By Beth Germano, WBZ-TV

Four wheelchair athletes say Peter Pan drivers got upset when they couldn’t board the bus alone.

WBZ-TV's Beth Germano Beth Germano
Emmy award-winning Beth Germano is a general assignment reporter fo...

“He asked me, ‘can you walk’? I said, ‘no I cannot walk”, and he said it was going to put him off schedule,” said Rush. Feeling helpless she says she let the driver and another passenger carry her on the bus to move things along.”They got me and carried me up the stairs in a fireman hold and put me on the bus.”

WBZ-TV’s Beth Germano reports

She claims the return trip wasn’t much better when the driver had a hard time getting the lift down and didn’t know how to open the door.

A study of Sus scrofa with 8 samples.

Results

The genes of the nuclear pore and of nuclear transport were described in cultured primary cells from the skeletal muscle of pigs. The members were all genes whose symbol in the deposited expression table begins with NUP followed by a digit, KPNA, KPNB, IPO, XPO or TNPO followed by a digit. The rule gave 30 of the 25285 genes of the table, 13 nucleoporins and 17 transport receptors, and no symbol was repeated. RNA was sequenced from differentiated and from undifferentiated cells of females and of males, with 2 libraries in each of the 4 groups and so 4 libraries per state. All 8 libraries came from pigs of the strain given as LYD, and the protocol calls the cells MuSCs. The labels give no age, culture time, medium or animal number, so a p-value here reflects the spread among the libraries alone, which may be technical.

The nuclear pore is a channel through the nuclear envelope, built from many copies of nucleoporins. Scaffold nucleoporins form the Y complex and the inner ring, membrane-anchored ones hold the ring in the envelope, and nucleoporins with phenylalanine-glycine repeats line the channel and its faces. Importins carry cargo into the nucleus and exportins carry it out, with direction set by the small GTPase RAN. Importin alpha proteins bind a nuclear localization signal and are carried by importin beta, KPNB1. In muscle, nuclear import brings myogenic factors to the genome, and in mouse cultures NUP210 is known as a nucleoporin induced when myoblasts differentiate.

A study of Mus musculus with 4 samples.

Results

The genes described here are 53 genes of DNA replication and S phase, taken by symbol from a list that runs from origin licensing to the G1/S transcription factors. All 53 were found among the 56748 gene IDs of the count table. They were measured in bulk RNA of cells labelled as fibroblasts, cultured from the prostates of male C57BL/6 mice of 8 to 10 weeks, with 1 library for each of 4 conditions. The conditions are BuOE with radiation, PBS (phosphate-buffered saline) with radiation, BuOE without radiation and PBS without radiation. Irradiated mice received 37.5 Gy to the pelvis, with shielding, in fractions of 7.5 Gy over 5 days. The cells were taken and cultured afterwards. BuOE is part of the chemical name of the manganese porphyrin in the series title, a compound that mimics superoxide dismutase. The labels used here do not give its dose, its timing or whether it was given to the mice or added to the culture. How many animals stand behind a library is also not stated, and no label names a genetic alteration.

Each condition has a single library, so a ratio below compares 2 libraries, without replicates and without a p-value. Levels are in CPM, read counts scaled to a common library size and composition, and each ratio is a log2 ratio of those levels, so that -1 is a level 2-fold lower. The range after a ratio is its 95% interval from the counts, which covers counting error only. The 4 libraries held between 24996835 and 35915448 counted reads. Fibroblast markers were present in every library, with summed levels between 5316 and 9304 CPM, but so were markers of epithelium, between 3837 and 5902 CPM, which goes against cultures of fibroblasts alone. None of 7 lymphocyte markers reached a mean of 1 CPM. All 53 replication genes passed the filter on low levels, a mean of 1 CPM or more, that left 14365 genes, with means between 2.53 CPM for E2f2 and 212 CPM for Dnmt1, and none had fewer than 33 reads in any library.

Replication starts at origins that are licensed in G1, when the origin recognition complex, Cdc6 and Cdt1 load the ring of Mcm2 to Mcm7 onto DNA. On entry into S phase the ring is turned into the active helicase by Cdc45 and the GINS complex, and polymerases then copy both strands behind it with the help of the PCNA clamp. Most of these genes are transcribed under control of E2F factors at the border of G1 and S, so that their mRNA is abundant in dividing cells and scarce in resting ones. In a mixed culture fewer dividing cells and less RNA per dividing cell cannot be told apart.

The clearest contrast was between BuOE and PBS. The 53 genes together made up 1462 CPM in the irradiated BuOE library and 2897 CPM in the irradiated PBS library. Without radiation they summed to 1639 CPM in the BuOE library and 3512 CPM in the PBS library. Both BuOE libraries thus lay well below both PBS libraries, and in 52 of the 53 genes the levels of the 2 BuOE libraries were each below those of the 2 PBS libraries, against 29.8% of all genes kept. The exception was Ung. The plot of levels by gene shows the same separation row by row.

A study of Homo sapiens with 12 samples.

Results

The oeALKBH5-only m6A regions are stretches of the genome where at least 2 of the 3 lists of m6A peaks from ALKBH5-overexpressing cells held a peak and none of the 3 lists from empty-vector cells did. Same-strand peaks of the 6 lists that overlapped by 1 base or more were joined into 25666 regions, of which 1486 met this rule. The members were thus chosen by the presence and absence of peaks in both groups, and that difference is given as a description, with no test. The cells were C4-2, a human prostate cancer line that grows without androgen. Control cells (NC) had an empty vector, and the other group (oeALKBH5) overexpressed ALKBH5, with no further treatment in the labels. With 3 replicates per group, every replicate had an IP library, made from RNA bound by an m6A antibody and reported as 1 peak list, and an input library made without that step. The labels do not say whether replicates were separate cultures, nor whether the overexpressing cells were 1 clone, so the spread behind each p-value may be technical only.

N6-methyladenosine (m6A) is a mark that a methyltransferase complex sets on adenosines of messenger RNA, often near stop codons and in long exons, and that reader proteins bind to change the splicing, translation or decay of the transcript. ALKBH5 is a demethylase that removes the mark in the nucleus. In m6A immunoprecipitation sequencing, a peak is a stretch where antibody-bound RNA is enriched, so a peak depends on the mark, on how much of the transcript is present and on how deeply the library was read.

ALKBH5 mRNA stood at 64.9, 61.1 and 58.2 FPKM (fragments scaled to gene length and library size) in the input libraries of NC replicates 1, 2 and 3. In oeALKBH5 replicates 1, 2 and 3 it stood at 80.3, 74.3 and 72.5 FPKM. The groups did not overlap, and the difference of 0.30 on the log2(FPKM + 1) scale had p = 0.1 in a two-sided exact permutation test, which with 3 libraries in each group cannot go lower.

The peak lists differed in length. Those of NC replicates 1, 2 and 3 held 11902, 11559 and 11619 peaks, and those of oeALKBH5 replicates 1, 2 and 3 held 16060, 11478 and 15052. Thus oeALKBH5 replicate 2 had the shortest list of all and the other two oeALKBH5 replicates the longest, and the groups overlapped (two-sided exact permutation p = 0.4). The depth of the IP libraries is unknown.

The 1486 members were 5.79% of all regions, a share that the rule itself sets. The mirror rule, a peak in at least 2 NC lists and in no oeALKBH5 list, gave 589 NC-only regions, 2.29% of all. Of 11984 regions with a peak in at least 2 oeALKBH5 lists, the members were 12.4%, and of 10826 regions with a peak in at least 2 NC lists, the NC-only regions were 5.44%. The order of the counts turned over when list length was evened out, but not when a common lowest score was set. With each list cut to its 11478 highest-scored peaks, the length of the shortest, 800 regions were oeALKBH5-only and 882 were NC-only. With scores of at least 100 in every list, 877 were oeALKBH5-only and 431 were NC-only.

“I was embarrassed and humiliated,” she said.

Rush says she wasn’t alone, that three other wheelchair racers had similar problems with Peter Pan, ranging from one whose wheelchair was damaged when it was loaded, to another who says he requested in advance a bus with a ramp and it arrived without one.

The experience is a familiar one for Karen Schneiderman at Boston’s Center for Independent Living who says people with disabilities shouldn’t be an inconvenience in society.

“People need training in how to accommodate our differences. That takes time and a willingness on the part of the company,” she said.

A Peter Pan spokesman acknowledges the company has received the complaints, and will only say it’s now investigating what happened, though calling it highly unusual. Peter Pan does have a policy to accommodate people with disabilities. It requires that passengers call the bus line at least two days in advance to ensure a bus that is wheelchair accessible.

Rush says the ordeal left a lasting impression and her first trip to Falmouth could be her last.

“It doesn’t take long to show a moment of human compassion,” she said.